Independent record labels push back on Apple’s pay plans


The friction surrounds Apple’s preference for songs produced using Dolby Atmos, a “spatial audio” technology that surrounds listeners with sound from all directions. Higher-end audio is a crucial edge for Apple Music over rival Spotify, but it costs more money to produce.

Apple last week told music companies that it would pay up to 10 per cent more in royalties for songs produced in spatial audio. But the tech group is not paying more money in total: rather, that extra 10 per cent will come out of a fixed pot of money. As a result, songs that are not “spatial” will receive less money.  

Some of the most influential independent record groups — Beggars Group, the company behind Vampire Weekend and Adele; Secretly, which houses acts including Phoebe Bridgers and Bon Iver; and Partisan Records, the label behind Ezra Collective — have expressed concerns about Apple’s policy in recent days, according to people familiar with the conversations. 

“It’s literally going to take the money out of independent labels and their artists, to benefit the biggest companies in the marketplace,” said a senior executive at a large independent record company.

“It’s going to benefit the biggest player, Universal, because they’re the ones with the resources to invest in that. Whereas the independent sector . . . we’ve found it hard to justify the expense of creating spatial masters . . . we’re not in the business of chucking money just because Apple is saying you should be spending money on this.”

Another independent label said: “The new deal will badly impact our revenues.”

The fracture pits independent artists against Apple, the trillion-dollar tech giant that has long positioned itself as a friendly partner to creative industries.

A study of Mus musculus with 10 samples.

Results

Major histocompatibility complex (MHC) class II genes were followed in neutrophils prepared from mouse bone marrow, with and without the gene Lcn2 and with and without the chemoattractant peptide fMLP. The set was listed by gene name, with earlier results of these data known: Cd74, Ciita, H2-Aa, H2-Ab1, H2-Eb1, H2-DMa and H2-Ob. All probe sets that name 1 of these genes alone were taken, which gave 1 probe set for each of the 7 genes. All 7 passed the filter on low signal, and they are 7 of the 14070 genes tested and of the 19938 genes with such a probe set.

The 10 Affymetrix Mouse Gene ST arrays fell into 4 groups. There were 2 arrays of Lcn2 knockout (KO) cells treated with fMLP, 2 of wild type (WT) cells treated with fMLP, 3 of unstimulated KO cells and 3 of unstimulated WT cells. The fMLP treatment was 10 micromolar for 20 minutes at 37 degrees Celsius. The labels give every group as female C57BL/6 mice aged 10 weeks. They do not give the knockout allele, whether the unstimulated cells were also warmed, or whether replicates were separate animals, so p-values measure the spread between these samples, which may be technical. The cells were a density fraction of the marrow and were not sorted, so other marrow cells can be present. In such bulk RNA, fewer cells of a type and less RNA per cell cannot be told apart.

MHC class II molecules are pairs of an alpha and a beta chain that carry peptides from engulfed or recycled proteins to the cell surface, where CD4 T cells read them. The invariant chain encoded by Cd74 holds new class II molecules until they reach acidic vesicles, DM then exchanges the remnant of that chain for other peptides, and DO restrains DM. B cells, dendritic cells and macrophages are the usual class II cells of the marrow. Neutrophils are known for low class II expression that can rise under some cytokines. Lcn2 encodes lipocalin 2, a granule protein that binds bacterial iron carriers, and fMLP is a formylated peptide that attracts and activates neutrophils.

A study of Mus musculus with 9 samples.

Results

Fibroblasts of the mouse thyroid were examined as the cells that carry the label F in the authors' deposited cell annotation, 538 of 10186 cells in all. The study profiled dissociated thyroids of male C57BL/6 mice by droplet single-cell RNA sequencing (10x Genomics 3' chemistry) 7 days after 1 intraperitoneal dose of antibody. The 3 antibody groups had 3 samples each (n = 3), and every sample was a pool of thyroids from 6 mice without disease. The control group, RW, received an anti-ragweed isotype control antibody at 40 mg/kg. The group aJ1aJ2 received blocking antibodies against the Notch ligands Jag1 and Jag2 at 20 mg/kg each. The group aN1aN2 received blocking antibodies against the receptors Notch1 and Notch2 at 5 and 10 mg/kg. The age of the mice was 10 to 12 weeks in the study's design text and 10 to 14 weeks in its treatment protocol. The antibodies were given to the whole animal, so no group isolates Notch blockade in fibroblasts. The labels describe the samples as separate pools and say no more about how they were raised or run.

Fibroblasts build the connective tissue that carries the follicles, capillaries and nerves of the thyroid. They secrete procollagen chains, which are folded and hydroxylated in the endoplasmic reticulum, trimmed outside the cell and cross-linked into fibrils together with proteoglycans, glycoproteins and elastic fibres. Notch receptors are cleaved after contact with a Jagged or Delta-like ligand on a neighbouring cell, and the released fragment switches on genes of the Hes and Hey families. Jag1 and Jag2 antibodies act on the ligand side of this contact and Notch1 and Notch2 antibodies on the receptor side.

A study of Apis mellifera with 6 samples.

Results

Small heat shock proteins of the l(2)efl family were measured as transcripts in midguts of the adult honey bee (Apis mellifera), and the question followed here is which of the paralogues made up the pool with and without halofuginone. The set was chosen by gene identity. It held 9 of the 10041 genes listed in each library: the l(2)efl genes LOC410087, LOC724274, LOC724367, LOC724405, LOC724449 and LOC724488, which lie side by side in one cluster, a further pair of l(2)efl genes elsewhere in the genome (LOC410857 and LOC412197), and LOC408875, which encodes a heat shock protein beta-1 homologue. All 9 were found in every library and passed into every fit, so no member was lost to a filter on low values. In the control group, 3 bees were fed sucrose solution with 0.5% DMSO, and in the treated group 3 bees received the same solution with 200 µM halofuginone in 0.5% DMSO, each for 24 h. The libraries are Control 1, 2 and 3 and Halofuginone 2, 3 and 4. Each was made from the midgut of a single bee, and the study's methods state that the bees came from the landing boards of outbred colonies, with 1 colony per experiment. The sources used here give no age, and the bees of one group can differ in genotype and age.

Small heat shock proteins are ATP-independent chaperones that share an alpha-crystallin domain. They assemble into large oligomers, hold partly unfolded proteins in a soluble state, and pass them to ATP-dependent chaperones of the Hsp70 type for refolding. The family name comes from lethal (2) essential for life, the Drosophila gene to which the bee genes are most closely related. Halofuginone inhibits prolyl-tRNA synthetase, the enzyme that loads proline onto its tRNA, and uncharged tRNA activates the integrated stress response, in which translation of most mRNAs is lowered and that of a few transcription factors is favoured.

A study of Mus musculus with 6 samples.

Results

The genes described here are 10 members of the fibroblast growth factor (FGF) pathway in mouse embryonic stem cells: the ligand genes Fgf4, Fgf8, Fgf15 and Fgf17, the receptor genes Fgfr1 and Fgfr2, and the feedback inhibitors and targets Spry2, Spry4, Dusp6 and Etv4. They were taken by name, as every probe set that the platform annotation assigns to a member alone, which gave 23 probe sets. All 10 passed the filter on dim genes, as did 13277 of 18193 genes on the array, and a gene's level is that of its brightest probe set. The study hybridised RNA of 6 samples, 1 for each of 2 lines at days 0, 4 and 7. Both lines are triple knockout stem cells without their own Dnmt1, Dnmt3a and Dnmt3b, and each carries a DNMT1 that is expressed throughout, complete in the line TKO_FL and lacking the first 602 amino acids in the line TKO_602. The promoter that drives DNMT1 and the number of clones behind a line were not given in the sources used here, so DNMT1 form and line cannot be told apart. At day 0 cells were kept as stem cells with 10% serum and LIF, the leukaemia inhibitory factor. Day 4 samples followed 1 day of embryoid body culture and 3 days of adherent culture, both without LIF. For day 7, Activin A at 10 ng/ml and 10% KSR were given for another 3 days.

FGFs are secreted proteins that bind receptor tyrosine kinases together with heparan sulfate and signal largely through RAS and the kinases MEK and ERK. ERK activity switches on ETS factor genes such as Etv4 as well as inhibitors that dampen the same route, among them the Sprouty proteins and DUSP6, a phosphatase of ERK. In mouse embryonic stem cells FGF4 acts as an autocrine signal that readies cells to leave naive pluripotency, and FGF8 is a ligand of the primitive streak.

Producing music in spatial audio costs an extra $1,000 per song, or roughly $10,000 per album, executives say. Going back and reproducing an older song with spatial audio can double the costs. For a company such as London-based Beggars Group, which has some 3,000 albums in its back catalogue, reproducing its repertoire would cost more than $30mn.

The indie labels, even the largest ones such as Beggars, do not have the leverage to pull their music from Apple’s platform, according to several executives who did not want to be named. They hope to work with Apple to make changes to the new policy. If those negotiations fail, they would explore legal or regulatory options, said people familiar with the matter.

Apple had helped pay for some of the costs of reproducing music for spatial audio, but it had not been enough, according to executives at several labels.

“Apple is probably most people’s number-two digital partner globally in terms of revenue. If [this policy] takes between 5 and 10 per cent off of your global revenues, and not even because the songs aren’t performing but because you lose that money and it goes to Universal, the biggest player in the market, we’re definitely concerned,” said a record executive. “It’s hard enough to make money off of streaming.”

Apple declined to comment.

Apple introduced spatial audio to its music streaming service in 2021, at no additional cost to subscribers. Amazon’s music service also offers spatial audio. Spotify has long teased its own higher-end audio product, but has yet to offer it.

Some record executives also pushed back on the artistic value of spatial audio. “Forcing a spatial mix is the equivalent of hanging a digital 3D version of the ‘Mona Lisa’ and expecting Louvre patrons to prefer it,” said one music executive.